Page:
Conference Coverage

Cabozantinib shows promise in refractory differentiated thyroid cancer


AT ITC 2015


LAKE BUENA VISTA, FLA. – Most patients with differentiated thyroid cancer who had shown progression on previous courses of targeted chemotherapy either maintained stable disease or responded to the oral multikinase inhibitor cabozantinib (Cometriq), according to a small multicenter phase II trial presented at the International Thyroid Congress.

This is important, according to Dr. Manisha H. Shah, because there has been no standard of care for patients with differentiated thyroid cancer whose cancer progresses on first- or second-line vascular endothelial growth factor receptor (VEGFR) inhibitors.

Nine of the 25 enrolled patients (36%; 95% confidence interval, 18%-57%) showed confirmed partial response, 12 patients (48%) had stable disease, and one patient had disease progression, according to Dr. Shah, director of the neuroendocrine tumor program at Ohio State University’s Wexner Medical Center. The trial enrolled patients with radioiodine–refractory differentiated thyroid cancer who had progression of their disease after one or two previous VEGFR agents.


The primary outcome measure was the number of patients showing objective response (partial or complete response) within the first 6 months of therapy.

Median patient age was 64 years, and 64% of patients were male. Just over half of the patients previously had been treated with sorafenib, and just over a quarter had received pazopanib. Five patients had received two previous VEGFR-targeted therapies, while the remaining 20 had received one.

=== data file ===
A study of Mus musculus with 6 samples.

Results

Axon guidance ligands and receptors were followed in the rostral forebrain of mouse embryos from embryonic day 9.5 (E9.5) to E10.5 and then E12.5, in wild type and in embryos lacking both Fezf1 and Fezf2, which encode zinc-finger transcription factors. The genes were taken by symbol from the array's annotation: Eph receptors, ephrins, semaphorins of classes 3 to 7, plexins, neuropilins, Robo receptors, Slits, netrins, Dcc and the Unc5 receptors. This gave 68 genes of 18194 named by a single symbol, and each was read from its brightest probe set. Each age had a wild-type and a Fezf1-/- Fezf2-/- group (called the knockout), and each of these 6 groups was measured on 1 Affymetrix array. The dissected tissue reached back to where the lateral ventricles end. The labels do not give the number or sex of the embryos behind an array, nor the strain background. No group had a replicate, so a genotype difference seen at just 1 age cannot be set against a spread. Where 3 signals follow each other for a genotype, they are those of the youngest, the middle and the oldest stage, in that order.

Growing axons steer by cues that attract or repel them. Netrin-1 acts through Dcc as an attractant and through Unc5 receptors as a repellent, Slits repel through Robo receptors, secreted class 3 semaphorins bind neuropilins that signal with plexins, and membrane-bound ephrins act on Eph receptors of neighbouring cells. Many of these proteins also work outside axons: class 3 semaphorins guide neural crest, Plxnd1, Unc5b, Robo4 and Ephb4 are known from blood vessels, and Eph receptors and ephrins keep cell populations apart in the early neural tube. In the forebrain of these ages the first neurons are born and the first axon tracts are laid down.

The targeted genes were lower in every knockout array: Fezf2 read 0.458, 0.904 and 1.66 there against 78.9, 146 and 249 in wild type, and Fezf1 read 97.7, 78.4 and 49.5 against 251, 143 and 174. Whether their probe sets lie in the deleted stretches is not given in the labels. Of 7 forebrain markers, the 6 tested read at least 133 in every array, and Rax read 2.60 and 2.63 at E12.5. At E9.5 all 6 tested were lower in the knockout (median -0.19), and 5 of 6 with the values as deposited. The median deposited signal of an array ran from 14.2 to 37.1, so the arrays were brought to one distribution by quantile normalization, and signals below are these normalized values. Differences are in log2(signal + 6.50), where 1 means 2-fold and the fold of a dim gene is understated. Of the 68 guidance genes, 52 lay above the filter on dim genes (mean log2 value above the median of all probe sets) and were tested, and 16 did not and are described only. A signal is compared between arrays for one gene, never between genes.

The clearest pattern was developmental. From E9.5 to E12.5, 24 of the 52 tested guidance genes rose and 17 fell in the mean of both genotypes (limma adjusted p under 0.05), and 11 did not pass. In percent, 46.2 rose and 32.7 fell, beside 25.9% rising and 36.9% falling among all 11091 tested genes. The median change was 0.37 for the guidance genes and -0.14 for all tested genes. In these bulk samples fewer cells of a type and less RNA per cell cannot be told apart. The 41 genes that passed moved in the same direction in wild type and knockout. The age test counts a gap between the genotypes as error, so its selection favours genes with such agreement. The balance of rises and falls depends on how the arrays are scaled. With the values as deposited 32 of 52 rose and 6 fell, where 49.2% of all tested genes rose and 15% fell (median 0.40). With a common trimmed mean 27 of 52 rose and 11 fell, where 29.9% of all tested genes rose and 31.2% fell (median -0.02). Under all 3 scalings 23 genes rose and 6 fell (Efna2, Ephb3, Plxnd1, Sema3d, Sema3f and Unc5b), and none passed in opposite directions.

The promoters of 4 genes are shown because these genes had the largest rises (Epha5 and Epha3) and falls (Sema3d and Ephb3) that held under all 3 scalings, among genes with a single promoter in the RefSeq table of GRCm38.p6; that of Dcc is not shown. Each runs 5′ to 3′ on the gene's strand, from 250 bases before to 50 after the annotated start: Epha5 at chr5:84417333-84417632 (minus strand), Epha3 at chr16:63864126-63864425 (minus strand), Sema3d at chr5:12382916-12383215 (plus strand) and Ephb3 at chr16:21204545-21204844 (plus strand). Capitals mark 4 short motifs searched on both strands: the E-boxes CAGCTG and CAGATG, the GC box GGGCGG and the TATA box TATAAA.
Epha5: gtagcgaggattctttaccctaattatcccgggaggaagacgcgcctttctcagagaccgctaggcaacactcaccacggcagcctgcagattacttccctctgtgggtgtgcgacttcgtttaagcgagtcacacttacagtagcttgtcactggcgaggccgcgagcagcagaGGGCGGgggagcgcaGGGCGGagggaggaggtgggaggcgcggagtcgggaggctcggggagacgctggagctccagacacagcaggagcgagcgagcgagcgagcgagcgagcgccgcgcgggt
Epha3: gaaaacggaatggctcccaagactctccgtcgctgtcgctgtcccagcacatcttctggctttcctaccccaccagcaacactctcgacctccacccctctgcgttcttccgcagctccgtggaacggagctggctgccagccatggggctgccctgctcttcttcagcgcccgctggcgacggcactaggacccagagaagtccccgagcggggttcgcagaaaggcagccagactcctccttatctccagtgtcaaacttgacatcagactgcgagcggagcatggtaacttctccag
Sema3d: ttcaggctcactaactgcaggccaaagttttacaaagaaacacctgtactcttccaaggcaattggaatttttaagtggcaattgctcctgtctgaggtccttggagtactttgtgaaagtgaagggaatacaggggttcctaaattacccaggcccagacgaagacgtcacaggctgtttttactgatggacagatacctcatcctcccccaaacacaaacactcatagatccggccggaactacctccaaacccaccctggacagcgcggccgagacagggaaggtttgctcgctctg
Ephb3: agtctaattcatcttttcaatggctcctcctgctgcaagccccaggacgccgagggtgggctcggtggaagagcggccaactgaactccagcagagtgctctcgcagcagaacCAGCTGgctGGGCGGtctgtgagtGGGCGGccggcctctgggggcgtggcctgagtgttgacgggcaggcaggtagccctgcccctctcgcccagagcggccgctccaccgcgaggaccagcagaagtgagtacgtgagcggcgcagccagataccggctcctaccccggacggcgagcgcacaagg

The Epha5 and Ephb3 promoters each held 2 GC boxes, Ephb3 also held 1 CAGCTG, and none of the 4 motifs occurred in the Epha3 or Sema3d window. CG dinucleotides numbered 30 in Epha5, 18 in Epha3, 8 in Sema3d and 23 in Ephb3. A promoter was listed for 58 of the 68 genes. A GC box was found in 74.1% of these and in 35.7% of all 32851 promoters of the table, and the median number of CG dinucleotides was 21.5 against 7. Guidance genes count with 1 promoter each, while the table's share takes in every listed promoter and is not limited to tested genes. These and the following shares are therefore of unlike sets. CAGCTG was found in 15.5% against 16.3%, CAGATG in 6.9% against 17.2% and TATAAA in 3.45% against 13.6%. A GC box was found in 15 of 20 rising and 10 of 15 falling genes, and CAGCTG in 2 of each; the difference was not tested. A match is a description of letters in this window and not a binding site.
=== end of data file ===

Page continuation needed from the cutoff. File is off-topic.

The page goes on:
Nine patients (36%) had papillary thyroid cancer, seven (28%) had poorly differentiated thyroid cancer, five (20%) had Hurthle cell cancer, and four (16%) had follicular thyroid cancer. The most common metastasis sites were lymph node, bone, and lung.

Patients received continuous treatment until they showed disease progression, had an unacceptable adverse event or an illness precluding further treatment, or withdrew consent.

Disease progression was measured by serum tumor markers and CT or MRI scan every 8 weeks while in the study; patients also received bone scans and 18F-FDG and 18F-fluoride PET scans before the study and while in the study.

Side effects were common and generally mild, with two instances each of grade 3 events related to fatigue, hand-foot skin reactions, and diarrhea. One death occurred and was adjudicated as possibly study related; there were no grade 4 events, and no grade 3 bleeding events.

Dr. Shah noted that the starting cabozantinib dose of 60 mg/day was considerably lower than that used in previous trials for thyroid cancer. With time, investigators have learned that the sometimes debilitating side effects of cabozantinib are somewhat dose dependent, she noted. The study design permitted dose escalation to 80 mg for nonresponders to the lower dose, and permitted a decrease to 40 or 20 mg/day as needed to manage side effects. Investigators were able to tell the patients what to expect, and to be proactive in anticipating side effects. “We have learned to manage these drugs much better with time,” she said.

“Cabozantinib was effective in inducing a durable partial response,” said Dr. Shah. Future directions, in addition to phase III clinical trials, may include combining cabozantinib with immune checkpoint–targeted therapies such as lenvatinib, a strategy that has been effective for other cancers, she said at the meeting, which was held by the American Thyroid Association, Asia-Oceania Thyroid Association, European Thyroid Association, and Latin American Thyroid Society.

The multisite study was sponsored by the National Cancer Institute with participation by eight International Thyroid Oncology Group centers. Dr. Shah reported being on the advisory board for Exelixis and Eisai, and receiving research funding from those two organizations and Bayer.